Cliff Holste is Supply Chain Digest's Material Handling Editor. With more than 30 years experience in designing and implementing material handling and order picking systems in distribution, Holste has worked with dozens of large and smaller companies to improve distribution performance.

Logistics News

By Cliff Holste

November 7, 2012

Can a Build-to-Suit Distribution Center Building Cost Less Than A Spec Building?

The Answer May Depend on the Long-Term Cost of Compromise

When a company considers acquiring a new facility, such as a distribution center, it is making a long-term decision. While there are many business specific requirements for housing a company’s warehousing and order fulfillment operations, the most basic decisions relate to throughput and storage capacity.

Throughout the U.S. industrial park developers have built facilities ahead of actual demand. Due to the slowdown in the economy over the last several years, there is a large inventory of spec buildings available and perhaps some good opportunities for companies who are looking to make a move.

These facilities are designed to accommodate a large variety of business functions. For economic reasons the facilities tend to be large scale usually in the 150K to over 250K square foot range. The idea is that a business can sub-lease the space that they do not currently need.

Holste Says:

A company's inability to make a decision on whether to build a new custom designed facility or try to make a spec or existing building work; the longer they delay that decision the more they are driving themselves to an existing building.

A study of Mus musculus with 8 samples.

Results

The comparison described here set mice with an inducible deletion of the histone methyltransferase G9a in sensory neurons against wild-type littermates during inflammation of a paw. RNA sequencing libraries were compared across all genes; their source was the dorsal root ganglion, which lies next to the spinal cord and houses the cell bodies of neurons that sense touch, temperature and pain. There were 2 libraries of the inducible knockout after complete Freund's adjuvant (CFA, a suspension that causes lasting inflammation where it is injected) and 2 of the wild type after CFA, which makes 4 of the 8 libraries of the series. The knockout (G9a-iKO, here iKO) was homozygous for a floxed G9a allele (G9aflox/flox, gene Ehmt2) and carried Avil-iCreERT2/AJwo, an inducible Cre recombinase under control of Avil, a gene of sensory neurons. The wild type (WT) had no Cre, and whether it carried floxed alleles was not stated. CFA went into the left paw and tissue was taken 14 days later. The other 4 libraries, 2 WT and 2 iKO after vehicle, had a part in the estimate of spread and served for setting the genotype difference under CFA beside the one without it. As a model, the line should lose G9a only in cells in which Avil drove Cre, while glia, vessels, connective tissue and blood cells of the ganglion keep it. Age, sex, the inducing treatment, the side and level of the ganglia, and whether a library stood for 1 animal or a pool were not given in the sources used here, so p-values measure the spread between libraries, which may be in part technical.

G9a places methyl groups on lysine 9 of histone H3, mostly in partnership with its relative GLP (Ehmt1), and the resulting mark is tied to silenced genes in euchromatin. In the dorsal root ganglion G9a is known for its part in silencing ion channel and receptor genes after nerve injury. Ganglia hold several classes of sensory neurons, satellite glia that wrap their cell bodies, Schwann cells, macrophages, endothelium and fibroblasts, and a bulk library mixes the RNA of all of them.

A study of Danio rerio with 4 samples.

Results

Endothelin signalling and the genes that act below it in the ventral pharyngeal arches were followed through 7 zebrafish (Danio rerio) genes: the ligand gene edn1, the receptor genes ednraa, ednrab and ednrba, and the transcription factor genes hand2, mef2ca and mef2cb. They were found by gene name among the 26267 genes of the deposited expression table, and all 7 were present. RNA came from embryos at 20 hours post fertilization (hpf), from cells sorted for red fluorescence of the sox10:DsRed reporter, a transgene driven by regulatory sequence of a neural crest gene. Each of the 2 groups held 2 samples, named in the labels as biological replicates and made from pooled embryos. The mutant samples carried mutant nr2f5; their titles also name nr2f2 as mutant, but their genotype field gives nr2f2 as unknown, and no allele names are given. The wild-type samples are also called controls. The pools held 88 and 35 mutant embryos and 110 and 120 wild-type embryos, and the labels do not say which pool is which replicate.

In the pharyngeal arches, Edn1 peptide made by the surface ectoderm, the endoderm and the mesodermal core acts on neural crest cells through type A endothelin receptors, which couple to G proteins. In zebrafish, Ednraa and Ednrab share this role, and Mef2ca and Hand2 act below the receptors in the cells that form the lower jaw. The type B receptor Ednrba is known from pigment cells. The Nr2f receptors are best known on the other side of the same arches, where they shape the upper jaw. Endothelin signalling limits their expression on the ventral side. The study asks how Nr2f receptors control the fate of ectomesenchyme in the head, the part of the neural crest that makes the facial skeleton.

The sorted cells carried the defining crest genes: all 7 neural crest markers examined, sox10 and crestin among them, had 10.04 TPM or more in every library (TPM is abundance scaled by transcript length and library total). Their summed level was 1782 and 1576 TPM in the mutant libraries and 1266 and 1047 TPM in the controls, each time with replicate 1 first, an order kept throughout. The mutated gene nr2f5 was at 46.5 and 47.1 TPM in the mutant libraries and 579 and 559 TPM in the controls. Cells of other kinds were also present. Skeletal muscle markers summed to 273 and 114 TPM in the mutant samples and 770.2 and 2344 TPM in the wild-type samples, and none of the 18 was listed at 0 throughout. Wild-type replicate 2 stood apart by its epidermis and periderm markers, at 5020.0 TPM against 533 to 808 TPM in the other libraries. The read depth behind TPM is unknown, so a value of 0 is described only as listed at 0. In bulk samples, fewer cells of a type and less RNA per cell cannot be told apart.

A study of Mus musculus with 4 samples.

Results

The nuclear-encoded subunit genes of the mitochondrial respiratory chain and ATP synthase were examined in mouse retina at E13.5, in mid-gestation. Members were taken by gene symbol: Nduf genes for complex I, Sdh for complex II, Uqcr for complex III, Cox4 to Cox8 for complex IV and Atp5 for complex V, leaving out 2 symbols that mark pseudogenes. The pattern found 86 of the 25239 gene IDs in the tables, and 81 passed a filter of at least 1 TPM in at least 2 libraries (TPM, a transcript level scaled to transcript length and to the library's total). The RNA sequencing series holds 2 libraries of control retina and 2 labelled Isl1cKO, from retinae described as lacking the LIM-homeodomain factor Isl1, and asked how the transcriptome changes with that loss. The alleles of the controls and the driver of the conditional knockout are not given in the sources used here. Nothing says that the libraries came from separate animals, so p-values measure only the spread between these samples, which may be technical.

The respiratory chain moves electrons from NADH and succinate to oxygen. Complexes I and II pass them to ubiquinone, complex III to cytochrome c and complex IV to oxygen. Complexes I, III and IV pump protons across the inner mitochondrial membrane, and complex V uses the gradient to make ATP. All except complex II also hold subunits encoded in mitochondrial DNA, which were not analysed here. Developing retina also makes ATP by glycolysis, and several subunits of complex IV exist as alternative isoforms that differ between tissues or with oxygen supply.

It’s interesting to note that even though the most recently built spec buildings have clear heights of 30 feet or more, conventional fork lift trucks are usually limited to about 4 pallets high. When translated into pallet storage positions, 1,000 pallets will require about 10,500 sq. ft. of floor space. Whereas, with a custom designed build-to-suit building the column grid can be arranged to accommodate a verity of narrow-aisle (NA) storage configurations thus optimizing floor space and building cube.

For example: Deploying Reach Trucks in an 8 foot wide aisle, where pallets can be stacked 6 high, the same 1,000 pallets will require only 6,000 sq. ft. of floor space, which equates to a savings of about 40%.

It’s a relativity safe bet that the cost of leasing and operating a custom building specifically design for NA operation, that requires 40% less storage space and at the same time requires making fewer material handling system layout or operational compromises, will be less expensive over time than a larger less efficient spec building.

Of course, timing is an important consideration. A company’s inability to make a decision on whether to build a new custom designed facility or try to make a spec or existing building work; the longer they delay that decision the more they are driving themselves to an existing building. When you run out of time – a spec building is better than no building at all.

In order to avoid being forced into compromising, a company should begin its search as soon as possible. If they can find a per-existing facility that does not require making major compromises to their operation, allows for efficient high density storage, is in the right location and has access to the labor they need, perhaps it makes sense.

Companies looking to take full advantage of the latest advances in material handling technology, especially as it relates to automation, will be better served in a custom building. But the only way they will know that is to evaluate the operational benefits and costs of having exactly what their business requires over the long haul.

Final Thoughts

No doubt, there are many critical business and operational issues to consider before one can determine the pros and cons of spec versus custom designed buildings. The situation will be somewhat different for each company, and therefore the analysis needs to be done on a case-by-case basis. The one constant is that the decision is a long term proposition for the company.